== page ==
Every day, young and old come together for a spirited, often educational activity at Kendal at Oberlin. Pre-schoolers and residents gather in the Country Kitchen to cook; meet in the Care Center and Gathering Room to sing, play games and paint; and settle down in the Early Learning Center to read books.
Now, thanks to a new outdoor certification from the Ohio Division of Wildlife, more intergenerational activities loom on the horizon. As a WILD School Site, which is an extension of the national Project WILD program, the Early Learning Center is designated as a place to learn about and benefit from wildlife and the environment.
A $500 state grant will be used to build a sensory garden outside of the horticulture building for both residents and children to enjoy. Other ideas include rain walks and bird outings for all ages.
“Our goal is to have a weekly project outside,” said Jeni Hoover, director of the Early Learning Center.
Getting Started with a WILD Curriculum
Last year, Jeni and her staff studied the WILD curriculum, and in early 2016 applied for certification. State officials visited Kendal in August to make it official.
Before presenting the WILD School Site Certification, Jamey Emmert spoke with the preschoolers, who sat attentively on the bank of Center Pond. The pond, located in the center of campus, depicts nature in all its glory, with abundant flowering lily pads, blue-green reeds and a family of ducks.
Jamey, with the Ohio Division of Wildlife, asked the children what the difference was between pets and animals. Lots of hands went up. She explained the importance of caring and protecting wildlife, and lots of little heads nodded in agreement.
After the ceremony, Jamey and her colleague Ken Fey made fishing poles from sticks, fishing lines, bobbers and hooks. With bait attached, the children and their teachers found spots around the pond to cast lines. Many residents, including those involved with the John Bartram Arboretum, were on hand for the festivities.
The Arboretum designation is also new this year. The 100-acre campus, with more than 1,100-planted trees and eight ponds, was accredited by ArbNet as a Level 1 arboretum. Interpretative tags are being added to planted trees and a web-based catalog listing all trees planted with GPS locations and observation notes is underway.
The Arboretum Subcommittee is also developing activities with the Learning Center, along with the City of Oberlin, Oberlin College Environmental Studies Department and the Ohio Division of Forestry. The first annual Arbor Day celebration was held in April.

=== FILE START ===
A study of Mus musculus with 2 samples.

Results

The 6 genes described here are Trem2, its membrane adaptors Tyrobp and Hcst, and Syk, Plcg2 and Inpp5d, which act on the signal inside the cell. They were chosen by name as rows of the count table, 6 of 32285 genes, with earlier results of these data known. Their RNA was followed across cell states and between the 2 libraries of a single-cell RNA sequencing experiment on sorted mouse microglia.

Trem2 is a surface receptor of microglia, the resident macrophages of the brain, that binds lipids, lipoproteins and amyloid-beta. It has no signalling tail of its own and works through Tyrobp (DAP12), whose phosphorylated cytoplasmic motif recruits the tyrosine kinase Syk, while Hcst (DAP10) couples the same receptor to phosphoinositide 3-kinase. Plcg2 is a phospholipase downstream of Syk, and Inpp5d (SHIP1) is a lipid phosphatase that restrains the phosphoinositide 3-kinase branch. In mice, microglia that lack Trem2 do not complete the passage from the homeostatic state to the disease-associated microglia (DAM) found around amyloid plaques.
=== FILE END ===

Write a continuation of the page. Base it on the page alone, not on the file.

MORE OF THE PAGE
This summer, early learning teacher Mary Balduff attended a Natural Start Alliance conference in St. Paul, Minn., and returned to Kendal with lots of ideas for bringing children and residents together outdoors, in a group and one-on-one.
She also has a wish list: children’s binoculars; rain boots and coat; and a pavilion with a shed for storing equipment and toys. For the pavilion, the center is applying for a grant.
At the conference, attendees visited four pre-schools, including one located at a retirement community. Children spend an hour outside and an hour involved in an intergenerational activity daily.
At a pre-school housed in a nature center, children cooked in an indoor and outdoor kitchen, and at the farm-based school played in the same pasture with llamas and other animals.
“It really gave children a healthy respect for animals,” Mary said.
At Kendal, children take care of two gerbils and enjoy visiting the residents’ dogs and cats.
Crazy Calendar of Intergenerational Fun
Lisa Wilken, manager of Kendal’s Langston dining room, completed a leadership training program in 2015 that urged her to cultivate passion for a project.
Lisa thought about lonely diners, and those with Alzheimer’s. “Watching someone in a full state of dementia come alive because of a child is really neat,” she said. She also wanted to encourage more interaction between independent residents and those needing assistance.
A handful of people, both residents and staff, met to brainstorm. The result? Another Kendal intergenerational program, this one held in the dining room.
Every month, the group puts together an afternoon event for preschoolers and residents. Donna Baznik, who reads to the children weekly, has a calendar listing all sorts of fun and offbeat holidays, like National S’mores Day that they celebrated in August. The event includes entertainment and food, such as Shamrock shakes for St. Patrick’s Day and apples (not poisonous) for “Snow White and the Seven Dwarfs.”
For the Mad Hatter Tea, the children made hats, the staff baked cookies, the resale shop donated plates and saucers, and the residents dressed in costume. The “Duck for President” book was a chance for one resident to blow a duck whistle and children to pick their favorite duck for president.
In addition, many informal and unplanned activities happen daily.
During walks and other outings to the swimming pool and elsewhere, children and residents stop to chat and share a greeting. Postcards are made and delivered to new residents, and artwork dropped off to the children’s favorite “grandfriends.”
This summer when a resident turned 100, the children stopped at his apartment to sing happy birthday.
In the past, Molly Kavanaugh frequently wrote about Kendal at Oberlin for the Cleveland Plain Dealer, where she was a reporter for 16 years. Now we are happy to have her writing for the Kendal at Oberlin Community.